While many U.S. romaine lettuce growers and sellers are still reeling from the aftermath of an E.coli outbreak that caused a national warning days before Thanksgiving, many experts say the whole thing could have avoided using blockchain.
Brigid McDermott, vice president of IBM blockchain’s food trust unit, tells FOX Business that the company believes that the technology has the potential to transform the way the food industry works from end-to-end, from the farm all the way to the consumers.
“When it comes to food safety, blockchain enables our solution to address both costs: the human and the financial. IBM believes that the technology will lead to measurable reductions in both and we should see fewer people getting sick from the food they eat while companies will be able to run their businesses more efficiently,” McDermott says.
Why will it work?
She says the main benefits of blockchain are trust, transparency and efficiency, and when the technology is applied to the food supply chain, all the digital product information, such as farm origination details, batch numbers, factory and processing data, expiration dates, storage temperatures and shipping details, are digitally connected to food items and the information is entered into the blockchain throughout the process.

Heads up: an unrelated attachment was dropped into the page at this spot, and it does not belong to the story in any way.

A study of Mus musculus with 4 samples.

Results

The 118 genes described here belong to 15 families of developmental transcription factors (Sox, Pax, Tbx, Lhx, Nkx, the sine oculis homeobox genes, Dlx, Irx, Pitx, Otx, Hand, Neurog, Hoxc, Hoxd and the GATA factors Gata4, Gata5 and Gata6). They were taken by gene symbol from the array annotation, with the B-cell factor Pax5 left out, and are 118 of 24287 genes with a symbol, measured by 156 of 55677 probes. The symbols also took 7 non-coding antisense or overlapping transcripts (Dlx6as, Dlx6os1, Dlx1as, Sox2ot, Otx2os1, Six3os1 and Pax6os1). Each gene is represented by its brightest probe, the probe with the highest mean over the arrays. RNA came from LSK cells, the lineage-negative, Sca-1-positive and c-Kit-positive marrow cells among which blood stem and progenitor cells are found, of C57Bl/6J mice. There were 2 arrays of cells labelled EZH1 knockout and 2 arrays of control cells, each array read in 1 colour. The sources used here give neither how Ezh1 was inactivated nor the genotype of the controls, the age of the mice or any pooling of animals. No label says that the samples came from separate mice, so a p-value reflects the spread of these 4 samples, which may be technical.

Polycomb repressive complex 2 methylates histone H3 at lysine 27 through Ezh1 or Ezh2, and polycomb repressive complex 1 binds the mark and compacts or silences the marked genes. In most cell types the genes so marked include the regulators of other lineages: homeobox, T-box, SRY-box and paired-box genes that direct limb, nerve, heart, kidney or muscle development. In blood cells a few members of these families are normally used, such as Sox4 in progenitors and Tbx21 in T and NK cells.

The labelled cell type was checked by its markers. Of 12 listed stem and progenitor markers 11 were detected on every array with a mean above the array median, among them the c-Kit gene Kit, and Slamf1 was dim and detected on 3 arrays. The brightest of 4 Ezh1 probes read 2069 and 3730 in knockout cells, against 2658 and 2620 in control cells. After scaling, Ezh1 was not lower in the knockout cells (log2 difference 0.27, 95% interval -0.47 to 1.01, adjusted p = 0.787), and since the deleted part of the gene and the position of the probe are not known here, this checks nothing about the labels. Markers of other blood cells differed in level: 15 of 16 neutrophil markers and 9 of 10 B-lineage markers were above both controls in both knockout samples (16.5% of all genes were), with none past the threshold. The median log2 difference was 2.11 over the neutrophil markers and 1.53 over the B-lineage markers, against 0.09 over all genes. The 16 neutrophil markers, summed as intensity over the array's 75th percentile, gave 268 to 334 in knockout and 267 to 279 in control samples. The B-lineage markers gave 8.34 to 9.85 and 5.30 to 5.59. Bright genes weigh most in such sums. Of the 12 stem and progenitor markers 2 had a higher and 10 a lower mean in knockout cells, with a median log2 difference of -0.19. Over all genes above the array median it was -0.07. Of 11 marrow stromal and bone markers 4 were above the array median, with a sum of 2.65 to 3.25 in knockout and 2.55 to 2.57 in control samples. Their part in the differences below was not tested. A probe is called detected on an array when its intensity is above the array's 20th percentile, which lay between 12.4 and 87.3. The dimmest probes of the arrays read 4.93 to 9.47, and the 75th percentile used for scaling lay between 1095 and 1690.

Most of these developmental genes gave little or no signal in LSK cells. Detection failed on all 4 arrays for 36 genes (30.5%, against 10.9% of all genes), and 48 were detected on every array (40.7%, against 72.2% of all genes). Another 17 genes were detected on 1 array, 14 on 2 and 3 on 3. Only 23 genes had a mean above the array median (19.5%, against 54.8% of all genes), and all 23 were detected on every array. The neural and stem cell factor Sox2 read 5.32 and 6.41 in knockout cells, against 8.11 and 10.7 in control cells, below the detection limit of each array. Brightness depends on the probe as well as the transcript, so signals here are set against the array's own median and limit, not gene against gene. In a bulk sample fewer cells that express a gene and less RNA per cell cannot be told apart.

“Each piece of information provides critical data points that could quickly be used to address food safety issues,” she adds, noting that traditionally, documentation in the food supply chain has been largely manual, which can potentially lead to errors.
By automating the recording of the transaction via blockchain, everyone involved will have access to the information in real-time.
“For example, Walmart conducted a test in which they traced a package of sliced mangoes from the store shelf back to the farm. Using traditional methods, this trace took more than six days. When done using IBM Food Trust, the solution was able to identify the exact source of the fruit in 2.2 seconds. This can be the difference between both life and death and major financial losses in the case of a recall due to contamination.”
IBM has already partnered with big food suppliers such as Dole, Nestle and Walmart to help the chains better regular its food safety using its technology.
Earlier this week, supermarket giant Auchan announced it is implementing blockchain in five countries to minimize outbreaks and food frauds internationally.
On Tuesday, another massive recall was announced by the U.S. Department of Agriculture (USDA) that is pulling more than 12 million pounds of raw beef products from store shelves over salmonella concerns.
McDermott adds that while these contaminations aren’t predictable, it is still critical that we come together to create a solution that addresses the entire food ecosystem at once.